A Guardian is the person who you choose to have legal responsibility for your child/ children where they are under 18 when you die. They will be responsible for making decisions such as where your child goes to school, where and who they live with and concerning their health.

A Guardian can only be appointed for a child under 18. The appointment is made by the parent or other person who has what is known as ‘parental responsibility’ (in effect legal responsibility) for the child.

How to appoint Guardians

The appointment of a Guardian must be:

  • in writing;

  • dated; and

  • signed by the person making the appointment.

The appointment does not need to be made in your Will, but it is a good idea to do this as a Will is less likely to be mislaid or forgotten than a less formal document. If you already have a Will which in every other respect is fine, you can appoint Guardians for your children in a simple codicil. In fact, many people set their Wills in place simply to ensure that they have appointed a Guardian to look after their children when they die.

When does the appointment take effect?

Generally, the appointment comes into effect on the death of the second parent (or whoever currently has parental responsibility for the child). If you haven't appointed a Guardian in your Will then your child could be taken into care temporarily if you die while the Court decides who is best placed to look after your child. This is one of the main reasons why making that decision yourself and recording it ideally in your Will is so important.

Who should you appoint?

A Guardian must be an individual; you cannot appoint a company to act as your child’s Guardian. You can appoint more than one individual and in fact, many parents choose a married couple to be Guardians for their children. However, this is not considered desirable as there can then be difficulties where that couple separate as to who your child then lives with. There are also potential issues where they do not agree/ have different parental styles perhaps to each other and to you. Therefore, the ideal position is that you appoint one person and then consider a substitute if they cannot act or die before you. Alternatively, provided you have at least one person appointed, should anything happen to them during your lifetime you would then need to ensure you amended your Will to include an alternative, where you hadn't already covered this in your Will.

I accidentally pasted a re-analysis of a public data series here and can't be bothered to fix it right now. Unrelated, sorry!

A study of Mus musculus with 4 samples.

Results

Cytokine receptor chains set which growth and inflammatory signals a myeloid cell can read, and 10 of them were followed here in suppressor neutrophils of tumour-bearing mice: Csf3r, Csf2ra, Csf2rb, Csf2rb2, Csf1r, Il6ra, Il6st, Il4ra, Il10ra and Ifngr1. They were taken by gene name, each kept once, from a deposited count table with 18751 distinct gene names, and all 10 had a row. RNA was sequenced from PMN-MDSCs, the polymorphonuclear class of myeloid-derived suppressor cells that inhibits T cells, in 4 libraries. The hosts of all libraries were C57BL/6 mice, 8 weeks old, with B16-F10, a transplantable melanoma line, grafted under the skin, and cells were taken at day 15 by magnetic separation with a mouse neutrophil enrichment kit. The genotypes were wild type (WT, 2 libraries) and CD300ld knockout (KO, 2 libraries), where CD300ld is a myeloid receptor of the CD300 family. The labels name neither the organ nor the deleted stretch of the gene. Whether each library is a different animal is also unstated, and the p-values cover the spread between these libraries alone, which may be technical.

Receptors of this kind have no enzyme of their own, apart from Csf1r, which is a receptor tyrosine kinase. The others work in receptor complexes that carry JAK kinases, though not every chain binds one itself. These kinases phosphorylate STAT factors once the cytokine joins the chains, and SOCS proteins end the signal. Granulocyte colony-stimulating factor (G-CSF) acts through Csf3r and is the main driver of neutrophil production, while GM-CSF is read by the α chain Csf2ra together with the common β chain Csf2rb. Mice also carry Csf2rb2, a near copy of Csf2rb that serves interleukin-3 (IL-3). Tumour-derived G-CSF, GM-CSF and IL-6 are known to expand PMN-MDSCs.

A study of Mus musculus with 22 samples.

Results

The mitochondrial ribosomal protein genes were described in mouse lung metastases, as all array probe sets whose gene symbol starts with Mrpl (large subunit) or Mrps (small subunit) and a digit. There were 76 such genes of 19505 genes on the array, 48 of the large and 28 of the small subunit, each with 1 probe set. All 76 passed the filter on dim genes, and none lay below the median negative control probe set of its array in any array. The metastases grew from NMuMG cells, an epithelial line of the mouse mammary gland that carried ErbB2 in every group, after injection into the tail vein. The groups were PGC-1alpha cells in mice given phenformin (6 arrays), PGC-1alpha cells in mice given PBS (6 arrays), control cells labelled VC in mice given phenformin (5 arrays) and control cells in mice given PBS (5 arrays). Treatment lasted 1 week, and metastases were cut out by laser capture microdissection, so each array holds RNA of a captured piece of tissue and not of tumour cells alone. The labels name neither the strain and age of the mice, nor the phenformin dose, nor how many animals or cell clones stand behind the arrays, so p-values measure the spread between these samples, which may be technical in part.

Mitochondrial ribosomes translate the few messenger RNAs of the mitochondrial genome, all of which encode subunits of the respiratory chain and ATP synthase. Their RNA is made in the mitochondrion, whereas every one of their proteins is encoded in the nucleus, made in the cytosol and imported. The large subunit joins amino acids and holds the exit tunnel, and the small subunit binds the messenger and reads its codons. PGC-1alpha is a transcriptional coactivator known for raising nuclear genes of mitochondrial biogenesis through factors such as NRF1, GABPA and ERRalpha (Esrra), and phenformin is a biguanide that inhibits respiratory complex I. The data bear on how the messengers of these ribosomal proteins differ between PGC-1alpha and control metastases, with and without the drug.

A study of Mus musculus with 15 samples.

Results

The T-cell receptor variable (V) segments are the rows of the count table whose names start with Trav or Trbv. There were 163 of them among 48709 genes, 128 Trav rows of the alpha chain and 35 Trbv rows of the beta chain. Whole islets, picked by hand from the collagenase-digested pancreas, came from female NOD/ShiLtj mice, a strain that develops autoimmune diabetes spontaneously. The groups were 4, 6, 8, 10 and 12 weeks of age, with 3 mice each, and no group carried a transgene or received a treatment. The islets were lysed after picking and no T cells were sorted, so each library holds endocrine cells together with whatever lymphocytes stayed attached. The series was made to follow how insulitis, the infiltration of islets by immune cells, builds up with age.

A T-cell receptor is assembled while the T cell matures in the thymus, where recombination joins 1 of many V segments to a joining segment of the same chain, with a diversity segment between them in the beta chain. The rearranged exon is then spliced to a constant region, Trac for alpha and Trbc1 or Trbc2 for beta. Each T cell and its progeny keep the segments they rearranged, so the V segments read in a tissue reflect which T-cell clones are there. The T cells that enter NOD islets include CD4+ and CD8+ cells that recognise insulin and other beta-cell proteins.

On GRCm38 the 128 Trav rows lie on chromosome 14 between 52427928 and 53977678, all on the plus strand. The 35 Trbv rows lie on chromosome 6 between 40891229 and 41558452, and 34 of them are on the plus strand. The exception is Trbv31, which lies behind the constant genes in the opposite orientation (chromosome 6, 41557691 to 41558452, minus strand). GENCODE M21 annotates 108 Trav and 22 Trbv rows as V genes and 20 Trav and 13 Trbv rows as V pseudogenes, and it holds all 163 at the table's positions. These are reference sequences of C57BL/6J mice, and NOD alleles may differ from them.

So, one Guardian with a potential replacement is considered the most sensible approach. The more people you choose, the more problems or instability there could be for your child.

When choosing Guardians, you should consider the following factors:

  • How well do your children know the proposed Guardians?

  • How old are the proposed Guardians? Will they be able to cope with very young children or teenagers?

  • Where will your children live - will they have to change location and will they still be able to see their other family and friends?

  • Do the proposed Guardians have a house big enough for your children?

  • Do the Guardians have children of their own? Can they cope with more? If no children, would they be happy taking on a different lifestyle that includes children?

  • Do the proposed Guardians have similar beliefs, morals, religious and style of living as you?

  • Would your children be able to continue existing friendships and hobbies?

  • Do they have any medical conditions that might prevent them from acting as a Guardian?

  • Does the Guardian have the financial ability to raise your children if your estate cannot cover it?

It is important to note that your chosen Guardians do not have to accept the appointment, so, even though the likelihood of them ever having to take on the responsibility is slim, it is vital that you discuss this with them, and they accept the responsibility, before naming them in your Will.

By far the most usual scenario is that other family members are appointed as Guardians – grandparents, aunts or uncles being the most frequent choices. Godparents are also often selected. But there is no rule that says this has to be the case, and their appointment is never automatic.

It is best not to appoint as Guardians the people you are naming as your Trustees. These should ideally be different people. The Trustees will make financial provision for the children and then transfer the property to them when they reach the age to inherit. The Guardian will look after the children day to day and if they require further financial support in doing so they will approach the Trustees, who will have the independence to consider this fairly whilst also being conscious of their own obligations to the Trust and the children.

Is the appointment of a Guardian in a Will the final word?

You should review your appointment of Guardians every two years or so, just to ensure that the people you have chosen are still appropriate and willing to accept the responsibility. If you do decide to change the appointment, you can do so very easily by making a codicil to your Will.